Race, Empire and Liberalism: Interpreting John Crawfurd's History of the Indian Archipelago
By Gareth Knapman
Thomas Ramsay Science and Humanities Fellow, Museum Victoria
gknapman@museum.vic.gov.au ; gareth_knapman@hotmail.com
This paper was presented to the 17th Biennial Conference of the Asian Studies Association of Australia in Melbourne 1-3 July 2008. It has been peer reviewed via a double blind referee process and appears on the Conference Proceedings Website by the permission of the author who retains copyright. This paper may be downloaded for fair use under the Copyright Act (1954), its later amendments and other relevant legislation.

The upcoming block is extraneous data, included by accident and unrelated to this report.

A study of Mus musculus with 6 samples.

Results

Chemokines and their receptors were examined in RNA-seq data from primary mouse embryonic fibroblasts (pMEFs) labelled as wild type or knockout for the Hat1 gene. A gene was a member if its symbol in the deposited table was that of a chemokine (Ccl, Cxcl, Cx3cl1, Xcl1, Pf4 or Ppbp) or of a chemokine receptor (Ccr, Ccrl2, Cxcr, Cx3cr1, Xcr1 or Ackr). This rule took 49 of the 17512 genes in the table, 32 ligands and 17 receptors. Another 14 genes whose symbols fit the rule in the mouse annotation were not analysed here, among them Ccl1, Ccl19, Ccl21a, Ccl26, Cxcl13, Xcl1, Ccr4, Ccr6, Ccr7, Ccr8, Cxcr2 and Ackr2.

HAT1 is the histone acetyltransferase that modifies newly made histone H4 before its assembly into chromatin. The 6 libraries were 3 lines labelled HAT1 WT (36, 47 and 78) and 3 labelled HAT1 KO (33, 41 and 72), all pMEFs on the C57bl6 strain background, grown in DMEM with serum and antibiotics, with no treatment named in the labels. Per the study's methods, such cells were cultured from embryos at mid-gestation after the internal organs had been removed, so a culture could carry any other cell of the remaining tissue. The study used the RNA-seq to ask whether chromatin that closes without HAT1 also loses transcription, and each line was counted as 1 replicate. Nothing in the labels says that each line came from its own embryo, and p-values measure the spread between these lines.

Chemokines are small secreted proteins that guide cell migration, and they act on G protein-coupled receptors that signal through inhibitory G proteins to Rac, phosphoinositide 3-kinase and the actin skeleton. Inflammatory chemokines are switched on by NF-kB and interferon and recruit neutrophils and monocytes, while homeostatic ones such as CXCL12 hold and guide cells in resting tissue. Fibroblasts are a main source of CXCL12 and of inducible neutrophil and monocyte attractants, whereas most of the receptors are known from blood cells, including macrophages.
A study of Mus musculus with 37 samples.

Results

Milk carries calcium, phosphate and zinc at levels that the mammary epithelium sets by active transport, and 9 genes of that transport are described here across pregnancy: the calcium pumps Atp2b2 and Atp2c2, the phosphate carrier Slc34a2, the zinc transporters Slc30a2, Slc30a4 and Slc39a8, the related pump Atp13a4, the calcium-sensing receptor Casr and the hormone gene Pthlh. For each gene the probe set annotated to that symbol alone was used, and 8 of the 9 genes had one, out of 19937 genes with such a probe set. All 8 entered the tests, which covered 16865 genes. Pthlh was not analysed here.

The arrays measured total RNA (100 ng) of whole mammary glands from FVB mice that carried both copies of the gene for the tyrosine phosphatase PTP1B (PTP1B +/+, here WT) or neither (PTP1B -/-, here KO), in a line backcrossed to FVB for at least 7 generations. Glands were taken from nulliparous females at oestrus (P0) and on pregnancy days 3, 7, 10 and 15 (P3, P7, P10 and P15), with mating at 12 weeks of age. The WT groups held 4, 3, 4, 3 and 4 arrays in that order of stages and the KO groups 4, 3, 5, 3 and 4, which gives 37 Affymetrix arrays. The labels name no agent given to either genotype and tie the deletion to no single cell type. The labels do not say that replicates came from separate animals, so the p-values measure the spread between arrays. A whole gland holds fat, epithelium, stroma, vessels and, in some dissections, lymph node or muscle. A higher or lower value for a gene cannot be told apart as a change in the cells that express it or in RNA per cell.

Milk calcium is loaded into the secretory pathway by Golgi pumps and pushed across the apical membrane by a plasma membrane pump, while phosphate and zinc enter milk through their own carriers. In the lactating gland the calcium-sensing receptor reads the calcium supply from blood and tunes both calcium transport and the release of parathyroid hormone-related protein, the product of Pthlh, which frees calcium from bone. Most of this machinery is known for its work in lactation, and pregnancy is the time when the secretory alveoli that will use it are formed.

Historically, the History of the Indian Archipelago is important. It is one of the first attempts to view the Southeast Asia archipelago as a regional entity. Early works focused on particular islands, places or kingdoms. Arguably, Crawfurd even became a model for an area studies specialist. Crawfurd’s obituarist (Editorial 1868) commented :‘he was an indefatigable contributor to the Press on matters relating to the East, and indeed on many other subjects’. The nature of area speciality is interdisciplinary. Area specialists are routinely expected to move beyond one disciplinary approach (Philpott 2000). Although a post-World War II phenomena, the ‘area specialist’ has adopted a broad approach that has similarities to Crawfurd. Yet there are huge differences. Although the extent of focus is similar, the objective is very different. Modern area specialists do not analys Asia as a system. In comparison, Crawfurd followed the eighteenth century idea of the grand narrative. For Crawfurd, the object of writing history was to reveal the theoretical grand system that underpinned the Indian Archipelago. Crawfurd is therefore important in framing the scope of Southeast Asian area studies, a project that did not take off until after World War II. Depending on your viewpoint, either Crawfurd’s History of the Indian Archipelago is a work of anthropological and political theory or the worst form of orientalist stereotyping based on erroneous generalizations, or both.